By Mary P. Walker, Petrus Blog Contributor & Local Charity Board Member
March Madness and Fundraising
March Madness is upon us! I love basketball and I love this time of year. Winning teams have different strategies, and I can’t help comparing them to fundraising practices.
Big Star Strategy in Basketball
Over the past two years, a team I followed recruited a REALLY GREAT player. The coaches designed their game strategy around this player. Other players tried to get him the ball and let him score. The team enjoyed a level of success for a while. Then the players who wanted a more active role transferred to other teams. Also, at times, the star player had an off game, or got injured. The rest of the team had trouble stepping up to win.
Big Star Strategy in Fundraising
What can this teach us about fundraising? Big Stars in fundraising have the means and interest in making gifts that can jumpstart or transform your ministry. Focusing on them is a great strategy when you need to raise a lot of money quickly, such as in a capital campaign. However, like a full court press, the Big Star strategy may turn the game around, but it can’t be sustained over the long-term. Eventually the capital campaign will end, and while we hope these stars won’t go away, their intensity will wane and they will not be giving at that level into the future.
Balanced Team Strategy in Basketball AND Fundraising
A team I really love has a more balanced approached to the game. Of course, all the starters are good, but none of them are SO much better or get SO much more playing time than the rest of their teammates. The bench is solid too. One or two players can have a mediocre game and the team still wins.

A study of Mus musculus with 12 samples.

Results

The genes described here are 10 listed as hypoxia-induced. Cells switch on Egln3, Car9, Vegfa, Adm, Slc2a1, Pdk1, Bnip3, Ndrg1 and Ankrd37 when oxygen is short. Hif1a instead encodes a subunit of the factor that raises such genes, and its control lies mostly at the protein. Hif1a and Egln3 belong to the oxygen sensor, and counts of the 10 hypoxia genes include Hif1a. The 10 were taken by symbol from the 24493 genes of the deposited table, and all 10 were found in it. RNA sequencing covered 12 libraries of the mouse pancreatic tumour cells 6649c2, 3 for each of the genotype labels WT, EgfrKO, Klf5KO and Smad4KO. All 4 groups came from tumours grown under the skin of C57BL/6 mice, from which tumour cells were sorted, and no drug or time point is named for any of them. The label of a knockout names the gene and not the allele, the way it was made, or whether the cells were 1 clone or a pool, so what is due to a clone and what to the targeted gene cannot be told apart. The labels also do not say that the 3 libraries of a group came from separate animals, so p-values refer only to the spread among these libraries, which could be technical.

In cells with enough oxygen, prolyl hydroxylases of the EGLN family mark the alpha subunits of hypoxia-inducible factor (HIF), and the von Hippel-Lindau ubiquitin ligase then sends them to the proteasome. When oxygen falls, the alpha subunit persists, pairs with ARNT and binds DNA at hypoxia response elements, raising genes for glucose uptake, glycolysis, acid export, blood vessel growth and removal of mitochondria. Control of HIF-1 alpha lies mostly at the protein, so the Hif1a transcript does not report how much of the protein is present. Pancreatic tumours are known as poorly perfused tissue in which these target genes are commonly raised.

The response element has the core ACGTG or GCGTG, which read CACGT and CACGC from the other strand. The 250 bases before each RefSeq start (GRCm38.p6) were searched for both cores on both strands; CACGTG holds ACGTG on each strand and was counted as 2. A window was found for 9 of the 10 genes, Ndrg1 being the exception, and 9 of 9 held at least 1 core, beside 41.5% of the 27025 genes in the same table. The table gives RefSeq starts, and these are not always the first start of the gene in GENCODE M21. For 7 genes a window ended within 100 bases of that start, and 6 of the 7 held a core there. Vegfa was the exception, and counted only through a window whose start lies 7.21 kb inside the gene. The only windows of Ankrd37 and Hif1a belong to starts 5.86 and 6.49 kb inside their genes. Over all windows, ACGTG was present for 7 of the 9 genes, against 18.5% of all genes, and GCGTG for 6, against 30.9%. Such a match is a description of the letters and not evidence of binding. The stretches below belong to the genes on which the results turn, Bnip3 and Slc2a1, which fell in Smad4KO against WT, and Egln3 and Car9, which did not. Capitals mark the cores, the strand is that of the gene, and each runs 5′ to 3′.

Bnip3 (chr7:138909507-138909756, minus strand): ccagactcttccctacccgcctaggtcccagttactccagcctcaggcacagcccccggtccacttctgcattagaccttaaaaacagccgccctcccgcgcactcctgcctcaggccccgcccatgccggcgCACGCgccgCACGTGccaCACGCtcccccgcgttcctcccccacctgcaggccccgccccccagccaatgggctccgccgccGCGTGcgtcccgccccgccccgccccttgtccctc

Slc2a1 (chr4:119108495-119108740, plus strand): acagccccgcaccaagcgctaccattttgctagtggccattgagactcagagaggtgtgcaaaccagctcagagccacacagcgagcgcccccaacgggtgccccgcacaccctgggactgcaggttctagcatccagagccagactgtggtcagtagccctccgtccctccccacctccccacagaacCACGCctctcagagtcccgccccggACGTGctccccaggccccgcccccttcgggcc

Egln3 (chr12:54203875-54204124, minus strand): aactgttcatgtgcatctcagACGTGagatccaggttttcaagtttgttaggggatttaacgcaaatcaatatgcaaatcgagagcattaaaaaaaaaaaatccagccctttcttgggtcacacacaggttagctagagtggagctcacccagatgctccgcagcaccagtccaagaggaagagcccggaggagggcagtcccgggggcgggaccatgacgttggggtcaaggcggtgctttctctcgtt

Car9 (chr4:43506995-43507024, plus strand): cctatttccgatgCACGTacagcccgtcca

Fundraising for capital campaigns has a different dynamic than fundraising to pay the bills. You should be concerned when a few “stars” give a disproportionate amount to your annual fund, especially if you are beyond start up mode. While I would never suggest that you turn away their help, if your ministry relies on just two or three benefactors, you need to recruit new benefactors and “up the game” of current ones.
What happens if your star benefactors have a reversal of fortune, die, become incapacitated, or transfer their loyalty to another organization?
One grassroots organization that I worked with had a wonderful benefactor. He had received help in the past, was grateful, and wanted the organization to grow and be there for others. Every December, he matched all gifts that came in throughout the year. The New Year got off to a great start with this money in the bank!
One December, he did not contact the organization to ask about how much he should match. He had some health setbacks and a relative took over his personal finances. There was no gift that year.
That next year was VERY TOUGH for the organization. They had to scale back, and almost had to close their offices and operate out of employees’ homes (this was way before COVID!). Fortunately, they took stock and made a conscious effort to grow their donor base. Today, paying the bills is not a problem, and there is a plan for growth in outreach and services. This experience led me to my own version of the 10% rule.
If 10% of your annual fund depends on a single source (e.g. donor, foundation grant, etc.) you need to get that percentage down! That doesn’t mean you ask that person to give less, rather you work hard in getting new benefactors and growing the gifts from the ones you have.
Why 10%? It’s been my experience in nonprofit work and life that you can “budget around” a 10% shortfall or unexpected expense--without drastically reducing programs and services. You may have to cut back here or there and not grow as much as you’d like, but you can still operate and pay for the necessities of your ministry.
Think about this in your personal life too. Unless you are truly poor or have extraordinary expenses for necessities, such as medical care, your family would probably be okay if it lost 10% of its income. You’d figure out a way. Our ministries are just as creative and resilient. However, a cut bigger than that would force most of us to have to make really hard decisions, such as laying off employees or cancelling programs.
Spring is a great time to look at the giving profiles of your annual fund donors. Do any of them give more than 10% of what it costs to operate? What would happen if such donors “went away?” How can you grow your entire benefactor list to ensure a more balanced team?